2009-09-01 21:13
Johannesburg - Sentencing Morne Harmse for killing a fellow student with a sword was a difficult decision to make, South Gauteng High Court Judge Phillip Hattingh said on Tuesday.

"It's not an easy decision to make. I need some time," Hattingh said before setting September 10 as the date Harmse will know his fate.

As the court adjourned, Harmse's parents, standing just above the dock, seemed unable to let their son, with his feet in chains, go back down the stairs to cells.

Giving him a Coca-Cola, his father, Machiel, dressed in a black shirt and tie, and his mother, Liza, dressed in a purple and cerise top and pearl necklace, huddled close to him, tearful and talking quietly.

His father continuously rubbed his son's arm and shoulder, while a cluster of news cameras clicked away hoping to capture the emotional farewell scene.

No remorse - State

Also present were the family and friends of Harmse's 16-year old victim Jacques Pretorius, including Pretorius' mother Adel Bekker, who on Monday wept and shook uncontrollably while giving testimony about the impact of her son's death on her family.

Earlier, the state argued that Harmse showed no remorse for the attack which left one dead and three injured at Nic Diederichs Technical High School on the West Rand last August.

"He shows absolutely no remorse over his gruesome deeds," argued prosecutor Gerrit Roberts.
Roberts said clinic psychologist Franco Visser who assessed Harmse, had reached the same conclusion.

"The guilty party comes across as blunted and emotionless," read an extract of Visser's report.

"... He wants to project himself as a strong individual with no fears and weakness. There is an absence of complete remorse over his deeds."

Roberts said even Harmse's plea of guilt was not a sign of regret, but rather his only option.

He said Harmse, who was 18 at the time of the crime, was legally regarded as an adult for sentencing.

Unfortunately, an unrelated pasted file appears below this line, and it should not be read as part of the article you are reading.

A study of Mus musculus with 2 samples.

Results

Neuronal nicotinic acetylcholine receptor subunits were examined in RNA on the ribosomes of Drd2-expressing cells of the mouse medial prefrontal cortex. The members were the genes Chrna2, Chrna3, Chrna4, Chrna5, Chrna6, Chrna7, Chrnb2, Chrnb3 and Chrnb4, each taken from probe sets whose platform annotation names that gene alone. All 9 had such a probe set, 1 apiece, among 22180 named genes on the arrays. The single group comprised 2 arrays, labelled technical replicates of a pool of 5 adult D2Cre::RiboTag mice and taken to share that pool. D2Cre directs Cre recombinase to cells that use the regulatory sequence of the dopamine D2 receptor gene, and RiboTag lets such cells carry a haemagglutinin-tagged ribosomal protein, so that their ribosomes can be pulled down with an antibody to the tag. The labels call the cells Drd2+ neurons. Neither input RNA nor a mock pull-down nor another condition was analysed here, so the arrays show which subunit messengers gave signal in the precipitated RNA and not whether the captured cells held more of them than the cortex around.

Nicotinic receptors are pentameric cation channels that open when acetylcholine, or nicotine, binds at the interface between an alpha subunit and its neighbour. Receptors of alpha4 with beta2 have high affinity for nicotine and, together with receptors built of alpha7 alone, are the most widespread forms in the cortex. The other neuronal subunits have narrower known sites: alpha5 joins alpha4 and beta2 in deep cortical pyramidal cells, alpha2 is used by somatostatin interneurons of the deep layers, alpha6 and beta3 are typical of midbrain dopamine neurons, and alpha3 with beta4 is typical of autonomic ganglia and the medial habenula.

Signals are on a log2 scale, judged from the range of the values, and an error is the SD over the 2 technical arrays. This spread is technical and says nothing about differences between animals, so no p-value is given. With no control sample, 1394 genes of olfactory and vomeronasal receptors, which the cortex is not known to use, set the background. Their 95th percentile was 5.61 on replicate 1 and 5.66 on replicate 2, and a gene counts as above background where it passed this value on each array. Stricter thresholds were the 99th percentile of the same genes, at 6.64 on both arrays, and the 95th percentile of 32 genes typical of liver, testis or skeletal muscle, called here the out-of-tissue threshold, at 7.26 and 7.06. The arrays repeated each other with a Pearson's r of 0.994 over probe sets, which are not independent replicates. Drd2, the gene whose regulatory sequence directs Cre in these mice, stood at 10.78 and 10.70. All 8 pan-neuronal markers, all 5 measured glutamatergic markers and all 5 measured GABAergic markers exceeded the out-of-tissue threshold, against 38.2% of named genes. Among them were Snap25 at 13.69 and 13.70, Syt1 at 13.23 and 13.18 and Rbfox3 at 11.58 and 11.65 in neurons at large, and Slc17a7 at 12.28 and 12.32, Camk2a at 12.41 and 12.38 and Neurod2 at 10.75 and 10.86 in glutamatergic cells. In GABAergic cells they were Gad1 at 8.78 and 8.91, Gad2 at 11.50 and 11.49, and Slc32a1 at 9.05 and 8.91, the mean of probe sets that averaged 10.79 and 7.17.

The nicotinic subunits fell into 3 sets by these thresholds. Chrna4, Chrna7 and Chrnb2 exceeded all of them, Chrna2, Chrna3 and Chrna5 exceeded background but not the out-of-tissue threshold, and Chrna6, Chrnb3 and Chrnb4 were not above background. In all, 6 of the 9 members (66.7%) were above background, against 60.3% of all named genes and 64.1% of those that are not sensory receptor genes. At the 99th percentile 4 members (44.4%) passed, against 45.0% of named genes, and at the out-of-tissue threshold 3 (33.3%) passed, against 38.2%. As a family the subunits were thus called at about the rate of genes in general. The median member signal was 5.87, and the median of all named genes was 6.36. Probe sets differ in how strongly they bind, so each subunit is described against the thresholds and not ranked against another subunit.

He asked for a life sentence for the murder, eight years for the attempted murders and that Harmse be declared ineligible to own a firearm.

"The brutal nature of this crime and the interests of the community totally outweigh any personal circumstances of the guilty party."

'Young man or old child?'

However, defence lawyer Dolph Jonker argued that life imprisonment, usually set at 25 years, was not appropriate in Harmse's case.

Instead, he suggested a sentence of long-term imprisonment such as 18 to 20 years.

"It's a heavy sentence. It sends a message to the community," Jonker said of this recommendation.

He said Harmse's youth should be taken into account. He is now 19.

"Life-long punishment for a young man is a different punishment than [for] a 50-year-old".

Jonker said a psychologist and social worker had noted that Harmse was immature for his age.

"Is he a young man or an old child?" he asked, submitting that Harmse's "dysfunctional" family circumstances, with a history of family violence, be taken into account.

Harmse also had personality problems and needed to go to a prison like Leeuwkop, in Johannesburg, where he could receive therapy.

"This young man with personality problems, if he gets 25 years... what monster will we get out of prison then?" Jonker asked the court.